The Toyota Crown Wagon features the legendary 1JZ-GTE engine and still, not many know about this awesome piece of machinery. Only two estate models were ever fitted with a JZ-engine, and this is one of them.
The Toyota Crown has been around ever since the 1950s. Only sold on the Japanese domestic market (JDM) the Crown competed against other domestic brands such as Nissan, Mitsubishi, and Honda. The Crown is often considered a midsize luxury vehicle and acted as a middle child to Toyota’s high-end luxury vehicles like the Century, or the Lexus brand. Although the Sedan variant of the Crown made up the majority of sales, a wagon variant was almost always available.
The Toyota Crown wagon (S170) was available for purchase for the first time in December 1999 and was in production until 2007. The Crown Estate had two different drivetrain options, AWD and RWD layout, and was fitted with a variety of different Inline-6 engine choices. Displacement varied between 2.0-3.0L and power between 133hp to 280hp in the most powerful engine choice (1JZ-GTE). Only a 4-speed and 5-speed automatic transmission was available.
Historically the Crown had almost always been available as a wagon/estate. But as Toyota saw falling sales for the wagon/estate it was decided that the S170 generation would be the last Crown to be featuring a wagon. Only about 5,000 estate models were manufactured by Toyota.
The S170 wagon was not really that successful. Most Japanese Businessmen/women had a tendency to purchase sedans. Which meant about 70% of all sales were sedans. But as the years have gone by, the popularity of the wagons increased and became really popular 10-15 years ago. As of today, the Crown Wagon is slowly disappearing from the roads. And while the Toyota Crown sedan is still in production today, the wagon was buried with the S170 generation, and to this day has yet to return.
It is quite easy to tell that the S170 Crown Wagon drew inspiration from the Mercedes C43 AMG wagon. Its flat face, big headlights, and distinguished grill all look very similar to the two brands. The chassis design looks very much the same with the long bonnet to fit the larger engine, as well as a straight and square-looking body shape. The C43 AMG arguably has some sleeker lines and does look a little bit “smoother” than the Crown Wagon.
All in all the S170 Crown Estate is a good-looking car. It was not designed to be obnoxious or sporty. The design inspires a presence of luxury and importance. The Crown was driven by lawyers, bankers, and brokers. And thus, giving the incent that the Crown was driven by people of significance. While that is no longer the case for the S170, it still gives off the sensation of a road presence. Especially for people who know what is beneath the bonnet.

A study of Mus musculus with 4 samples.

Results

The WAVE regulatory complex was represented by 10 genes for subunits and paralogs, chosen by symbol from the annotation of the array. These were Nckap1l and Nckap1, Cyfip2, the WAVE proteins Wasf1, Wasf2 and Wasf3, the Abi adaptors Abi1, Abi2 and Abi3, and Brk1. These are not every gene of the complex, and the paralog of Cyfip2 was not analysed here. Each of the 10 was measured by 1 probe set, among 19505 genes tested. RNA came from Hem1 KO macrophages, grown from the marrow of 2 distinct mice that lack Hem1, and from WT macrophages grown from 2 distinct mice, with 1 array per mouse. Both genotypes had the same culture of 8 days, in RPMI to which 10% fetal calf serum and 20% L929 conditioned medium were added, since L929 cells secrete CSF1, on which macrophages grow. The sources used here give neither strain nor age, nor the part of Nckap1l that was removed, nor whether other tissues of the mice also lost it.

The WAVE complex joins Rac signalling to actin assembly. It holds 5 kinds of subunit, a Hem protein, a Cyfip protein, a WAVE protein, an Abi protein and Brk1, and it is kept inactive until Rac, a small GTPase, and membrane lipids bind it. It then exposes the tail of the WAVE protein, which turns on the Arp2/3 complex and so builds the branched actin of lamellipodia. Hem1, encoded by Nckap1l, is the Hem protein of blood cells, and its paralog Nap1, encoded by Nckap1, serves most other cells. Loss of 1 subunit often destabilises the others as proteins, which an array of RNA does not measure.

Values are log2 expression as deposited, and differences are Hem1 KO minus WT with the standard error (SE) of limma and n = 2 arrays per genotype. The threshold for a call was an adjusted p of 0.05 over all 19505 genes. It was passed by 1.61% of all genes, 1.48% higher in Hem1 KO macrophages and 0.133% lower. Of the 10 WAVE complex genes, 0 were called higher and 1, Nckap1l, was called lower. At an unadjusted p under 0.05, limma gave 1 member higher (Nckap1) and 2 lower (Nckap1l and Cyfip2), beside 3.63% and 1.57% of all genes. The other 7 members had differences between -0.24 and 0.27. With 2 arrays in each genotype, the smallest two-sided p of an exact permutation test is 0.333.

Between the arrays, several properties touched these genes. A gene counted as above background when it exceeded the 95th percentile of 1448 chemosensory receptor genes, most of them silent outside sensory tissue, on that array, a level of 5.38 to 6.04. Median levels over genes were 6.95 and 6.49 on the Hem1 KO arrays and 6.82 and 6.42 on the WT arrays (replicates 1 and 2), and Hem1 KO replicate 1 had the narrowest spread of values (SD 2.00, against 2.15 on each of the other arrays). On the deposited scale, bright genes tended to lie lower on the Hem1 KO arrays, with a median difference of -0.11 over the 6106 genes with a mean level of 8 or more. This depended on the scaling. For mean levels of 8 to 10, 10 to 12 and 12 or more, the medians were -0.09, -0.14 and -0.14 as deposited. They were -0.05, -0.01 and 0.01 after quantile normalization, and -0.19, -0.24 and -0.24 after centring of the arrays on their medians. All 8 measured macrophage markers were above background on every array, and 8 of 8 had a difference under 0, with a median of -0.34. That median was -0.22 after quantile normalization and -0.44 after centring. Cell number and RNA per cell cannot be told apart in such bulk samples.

The Toyota Crown came with a large inventory of different engine choices, most being 4/6-cylinder engines. And while it has had over a dozen different engine choices over its lifespan, there is one particular engine that we’re interested in. The 2.5L 1JZ-GTE Inline-6. Sadly, this engine version was only manufactured up until 2004, even though production continued until 2007.
The JZ-engine series debuted in 1990. The two variants the 1JZ and 2JZ were very similar, with the exception that the 2JZ had a 3.0L displacement compared to the 1JZ 2.5L. These engines were extremely durable and well built, and even with stock internals could hold power up to 600hp. The 2JZ was launched by Toyota as a way to directly compete with Nissan’s hugely successful engine the RB26DETT.
There are different variations of the JZ-series, but the one we’re interested in is the GTE version. The G in “GTE” stands for performance wide-angle DOHC (dual overhead cam), T stands for turbocharged, and E stands for electronically fuel injected.
As you now understand, the Toyota Crown wagon S170 received the 1JZ-GTE variant. Meaning the 2.5L Inline-6 produced an advertised 280hp at 6,200 RPM. Compared to the 2JZ-GTE which produced 280hp at 5,600 RPM since it had a larger displacement it produced peak power earlier in the rev range. Both the 1JZ and 2JZ likely produced well over 300hp in stock form but were advertised as 280hp according to the Gentlemen’s Agreement.
The S170 Crown wagon actually did receive two 2JZ variants, the 2JZ-FSE, and 2JZ-GE but these variants were not turbocharged and thus not as in-demand– unfortunately, the 2JZ-GTE was not available for the Toyota Crown.
There are many things that are desirable with the S170 estate, a JDM rear-wheel-drive 4-door wagon is not something you come across every day. But the real reason people would want to own the Toyota Crown Wagon is purely based on the engine. Aside from the Toyota Mark II Blit, the Toyota Crown is the only estate car that received the JZ engine, let alone the GTE version. And to be frank, the Toyota Crown wagon is a lot better looking than the Mark II Blit.
The 1JZ-GTE brings so much potential to the table. Sure, the S170 might be limited to its automatic transmission, but there are plenty of aftermarket brands providing automatic to manual transmission kits.
A Toyota Crown 1JZ Wagon with a manual swap is sure to turn some eyes. Not only will it be extremely rare, but it will also be an exceptional daily. The Crown itself is a very comfortable place to be and with just a simple tune you’ll easily have a super reliable AND comfortable 400-500 hp daily.
The 1JZ Toyota Crown Estate is a gem that should be treasured. 2 Years from now the 1999 Toyota Crown wagon will have surpassed the 25-year-old import law, and thus being allowed to be imported to the U.S.
The supply is already low, and even less so for the top-of-the-line 1JZ-GTE version. If this is a car you’d be looking to import, advice is to be quick on your toes once the import law passes, as we believe prices will sky-rocket just a few years after the S170 Crown has been allowed to be imported into the U.S.